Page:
New connection between metabolism and red blood cell development

Microscopy image of zebrafish embryo.
Each tissue in the body has different requirements for metabolism, or how it uses energy to function — for example, a muscle needs different molecules to fuel a contraction compared to a pancreas that produces insulin. Even though metabolic pathways may be the same across tissues, it is not fully understood how each tissue regulates which one to predominantly use for its own specific needs. Now, researchers led by HSCI’s Leonard Zon have found a new connection between metabolism and red blood cell development.
  • What they did: The researchers studied zebrafish model of anemia, which was defective in producing red blood cells because it lacked a specific DNA-binding protein.
  • What they found: The researchers identified the detailed mechanism for how red blood cell precursors use the DNA-binding protein to control metabolism in the mitochondria.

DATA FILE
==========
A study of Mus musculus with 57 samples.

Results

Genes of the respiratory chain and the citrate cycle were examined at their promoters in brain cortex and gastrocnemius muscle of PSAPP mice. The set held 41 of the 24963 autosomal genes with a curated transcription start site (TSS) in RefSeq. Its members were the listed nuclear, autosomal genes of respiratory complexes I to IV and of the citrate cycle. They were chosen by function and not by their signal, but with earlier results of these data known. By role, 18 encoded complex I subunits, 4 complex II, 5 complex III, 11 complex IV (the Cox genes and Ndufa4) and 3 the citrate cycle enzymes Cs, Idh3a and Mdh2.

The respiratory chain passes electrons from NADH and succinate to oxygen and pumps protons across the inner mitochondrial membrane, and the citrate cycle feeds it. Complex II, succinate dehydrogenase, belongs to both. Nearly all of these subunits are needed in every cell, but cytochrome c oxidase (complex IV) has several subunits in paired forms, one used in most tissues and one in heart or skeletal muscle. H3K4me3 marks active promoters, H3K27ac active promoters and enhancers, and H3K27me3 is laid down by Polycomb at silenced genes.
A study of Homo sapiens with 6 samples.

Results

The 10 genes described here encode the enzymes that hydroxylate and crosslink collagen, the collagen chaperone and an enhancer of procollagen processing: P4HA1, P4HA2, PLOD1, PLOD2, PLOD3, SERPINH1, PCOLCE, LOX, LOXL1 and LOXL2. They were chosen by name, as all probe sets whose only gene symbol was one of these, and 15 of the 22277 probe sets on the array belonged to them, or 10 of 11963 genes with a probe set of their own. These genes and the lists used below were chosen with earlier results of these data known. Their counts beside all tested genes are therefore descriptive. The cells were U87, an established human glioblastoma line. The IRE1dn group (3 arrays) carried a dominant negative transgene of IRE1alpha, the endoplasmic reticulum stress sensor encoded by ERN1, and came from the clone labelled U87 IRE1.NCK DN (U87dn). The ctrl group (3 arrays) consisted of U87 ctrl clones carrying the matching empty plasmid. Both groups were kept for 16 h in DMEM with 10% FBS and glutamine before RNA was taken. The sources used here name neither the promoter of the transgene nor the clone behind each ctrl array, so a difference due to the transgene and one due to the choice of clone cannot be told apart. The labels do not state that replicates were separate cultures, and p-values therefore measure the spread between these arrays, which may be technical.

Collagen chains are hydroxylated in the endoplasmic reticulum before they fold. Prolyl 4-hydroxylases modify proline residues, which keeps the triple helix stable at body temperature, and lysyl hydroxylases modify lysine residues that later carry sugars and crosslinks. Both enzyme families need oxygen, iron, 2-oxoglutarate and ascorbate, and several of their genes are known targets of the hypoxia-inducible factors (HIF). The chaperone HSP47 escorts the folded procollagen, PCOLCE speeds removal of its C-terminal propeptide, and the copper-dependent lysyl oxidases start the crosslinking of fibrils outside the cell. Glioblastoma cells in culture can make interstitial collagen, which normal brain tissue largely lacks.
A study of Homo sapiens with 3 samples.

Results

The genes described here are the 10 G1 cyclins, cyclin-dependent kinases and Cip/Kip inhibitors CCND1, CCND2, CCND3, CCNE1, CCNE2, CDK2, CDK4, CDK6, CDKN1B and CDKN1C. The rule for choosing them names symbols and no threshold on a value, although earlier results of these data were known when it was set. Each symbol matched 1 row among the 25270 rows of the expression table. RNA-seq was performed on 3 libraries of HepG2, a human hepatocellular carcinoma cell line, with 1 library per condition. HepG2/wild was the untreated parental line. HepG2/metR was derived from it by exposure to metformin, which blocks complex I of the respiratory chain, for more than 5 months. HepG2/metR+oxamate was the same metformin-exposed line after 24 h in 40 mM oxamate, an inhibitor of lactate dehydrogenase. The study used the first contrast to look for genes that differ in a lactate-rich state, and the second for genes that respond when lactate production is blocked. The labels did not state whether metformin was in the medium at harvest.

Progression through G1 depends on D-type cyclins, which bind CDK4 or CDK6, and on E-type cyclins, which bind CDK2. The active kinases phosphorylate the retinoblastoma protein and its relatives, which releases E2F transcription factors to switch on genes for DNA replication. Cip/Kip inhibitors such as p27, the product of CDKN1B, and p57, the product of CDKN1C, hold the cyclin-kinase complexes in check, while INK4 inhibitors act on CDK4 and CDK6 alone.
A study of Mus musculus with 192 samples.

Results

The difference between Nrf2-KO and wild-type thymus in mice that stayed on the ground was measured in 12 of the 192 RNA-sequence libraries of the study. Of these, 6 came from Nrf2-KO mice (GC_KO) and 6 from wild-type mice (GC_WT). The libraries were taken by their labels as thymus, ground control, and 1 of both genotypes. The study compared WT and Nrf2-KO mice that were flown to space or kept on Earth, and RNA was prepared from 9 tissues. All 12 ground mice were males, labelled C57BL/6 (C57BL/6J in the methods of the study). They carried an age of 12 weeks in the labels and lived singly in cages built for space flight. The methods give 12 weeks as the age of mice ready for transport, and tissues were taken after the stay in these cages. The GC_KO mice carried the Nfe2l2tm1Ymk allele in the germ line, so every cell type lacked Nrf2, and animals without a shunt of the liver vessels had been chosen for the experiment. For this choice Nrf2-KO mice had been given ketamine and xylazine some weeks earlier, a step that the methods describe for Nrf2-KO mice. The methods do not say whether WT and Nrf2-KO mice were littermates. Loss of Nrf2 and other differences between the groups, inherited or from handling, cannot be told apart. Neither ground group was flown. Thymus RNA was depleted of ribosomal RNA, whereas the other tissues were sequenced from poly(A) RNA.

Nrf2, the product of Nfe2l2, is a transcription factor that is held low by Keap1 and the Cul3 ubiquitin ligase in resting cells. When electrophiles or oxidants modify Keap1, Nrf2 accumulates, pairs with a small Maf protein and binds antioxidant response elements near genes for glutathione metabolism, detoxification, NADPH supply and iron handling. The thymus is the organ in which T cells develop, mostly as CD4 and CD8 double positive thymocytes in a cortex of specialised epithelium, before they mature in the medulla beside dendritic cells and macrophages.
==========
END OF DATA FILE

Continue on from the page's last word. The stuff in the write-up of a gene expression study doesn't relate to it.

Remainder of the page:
• Why it matters: This pathway can be potentially targeted in diseases such as anemia to restore red blood cell production, as well as certain types of cancer.

Discovery of sugar-coated RNA molecules opens up new area of cell biology

Illustration of molecules attached to the cell surface.
Cells in our body bristle with sugars known as glycans that other cells can recognize via specialized receptors. By attaching to and modifying proteins and fats, glycans influence how proteins fold, how cues are sent between cells, and other cell-to-cell interactions. New research led by HSCI’s Ryan Flynn has revealed a whole new universe of sugar-coated molecules that attach to our cells, called glycosylated RNAs or glycoRNAs.
  • What they did: The researchers identified that glycoRNAs consist of small, noncoding RNAs — which are known to play regulatory roles inside cells — coated with a class of sugars known as N-glycans.
  • What they found: The glycoRNAs interacted with certain receptors on immune cells, suggesting that the molecules could help fine-tune the immune system and play a role in autoimmune disease.
  • Why it matters: The discovery opens up another dimension for exploring how our bodies work and the origins of disease.